A Bulgarian deputy minister whose ultra-nationalist party recently joined a coalition with the center-right resigned on Wednesday after a photo emerged of him doing a Nazi salute.
The image, taken in 2008, shows Pavel Tenev raising his right arm in front of a soldier in a wax museum in Paris.
The scandal broke after Bulgarian media discovered the picture on Tenev’s Facebook account.
“I don’t share the (Nazi) ideology,” Tenev said at a press conference in Sofia, adding that his gesture had been meant in a “mocking” way.
“The tension this has created is not helpful for the government, so I’ve asked to be released from my duties,” he said.
Tenev had served as regional development vice-minister in the power-sharing cabinet of Prime Minister Boyko Borisov’s GERB party and the United Patriots (UP), unveiled on May 4.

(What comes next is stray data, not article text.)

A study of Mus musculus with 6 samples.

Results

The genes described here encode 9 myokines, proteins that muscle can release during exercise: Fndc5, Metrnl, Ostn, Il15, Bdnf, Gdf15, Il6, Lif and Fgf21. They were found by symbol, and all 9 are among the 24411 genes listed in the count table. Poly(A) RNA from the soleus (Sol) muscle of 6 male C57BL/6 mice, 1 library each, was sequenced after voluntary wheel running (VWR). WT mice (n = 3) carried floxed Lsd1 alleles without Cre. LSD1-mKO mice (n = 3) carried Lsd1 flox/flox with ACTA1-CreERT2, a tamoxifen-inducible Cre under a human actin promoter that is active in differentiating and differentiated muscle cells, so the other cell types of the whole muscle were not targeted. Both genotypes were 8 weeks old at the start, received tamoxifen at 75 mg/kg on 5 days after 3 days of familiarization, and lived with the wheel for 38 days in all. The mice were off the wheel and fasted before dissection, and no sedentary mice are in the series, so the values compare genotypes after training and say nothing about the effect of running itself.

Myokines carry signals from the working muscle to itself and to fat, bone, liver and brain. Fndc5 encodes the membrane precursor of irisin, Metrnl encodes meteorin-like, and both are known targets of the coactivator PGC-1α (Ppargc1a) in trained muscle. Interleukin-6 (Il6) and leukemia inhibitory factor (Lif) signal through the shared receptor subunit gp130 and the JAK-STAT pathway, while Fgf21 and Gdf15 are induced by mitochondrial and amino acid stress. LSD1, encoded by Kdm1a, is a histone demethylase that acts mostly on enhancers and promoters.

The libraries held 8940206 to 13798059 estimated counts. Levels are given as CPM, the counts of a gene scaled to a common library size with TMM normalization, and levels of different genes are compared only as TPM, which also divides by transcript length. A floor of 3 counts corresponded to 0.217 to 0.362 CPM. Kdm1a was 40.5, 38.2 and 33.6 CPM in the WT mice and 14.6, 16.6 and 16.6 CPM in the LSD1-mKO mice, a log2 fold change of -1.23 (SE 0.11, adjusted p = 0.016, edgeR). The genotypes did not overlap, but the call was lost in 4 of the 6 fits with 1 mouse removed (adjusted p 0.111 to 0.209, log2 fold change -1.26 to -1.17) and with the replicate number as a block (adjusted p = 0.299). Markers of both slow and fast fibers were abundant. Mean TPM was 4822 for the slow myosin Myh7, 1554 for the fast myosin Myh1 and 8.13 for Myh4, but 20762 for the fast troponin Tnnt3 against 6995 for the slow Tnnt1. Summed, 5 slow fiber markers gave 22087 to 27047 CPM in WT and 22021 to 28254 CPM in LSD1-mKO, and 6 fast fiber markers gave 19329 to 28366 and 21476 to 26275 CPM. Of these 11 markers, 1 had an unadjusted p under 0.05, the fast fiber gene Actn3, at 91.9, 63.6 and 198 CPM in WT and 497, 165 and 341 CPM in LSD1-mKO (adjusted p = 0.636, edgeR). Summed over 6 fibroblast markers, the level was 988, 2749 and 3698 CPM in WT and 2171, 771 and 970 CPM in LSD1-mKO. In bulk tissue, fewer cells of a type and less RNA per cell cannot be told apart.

The new government follows snap elections in March, the third in four years in the European Union’s poorest member state, won by GERB but without a majority.
The three parties making up the UP have in the past railed against minorities in Bulgaria, in particular Roma and Turks, as well as against Muslims and gay people.
But they toned down their rhetoric during the election campaign and came third.
UP chief and vice-premier Valeri Simeonov said the publication of Tenev’s picture had been “silly.”
Recalling a visit as a student to the Buchenwald concentration camp in Germany in the 1970s, Simeonov told Bulgarian newspaper Sega: “Who knows what funny pictures we took back then.”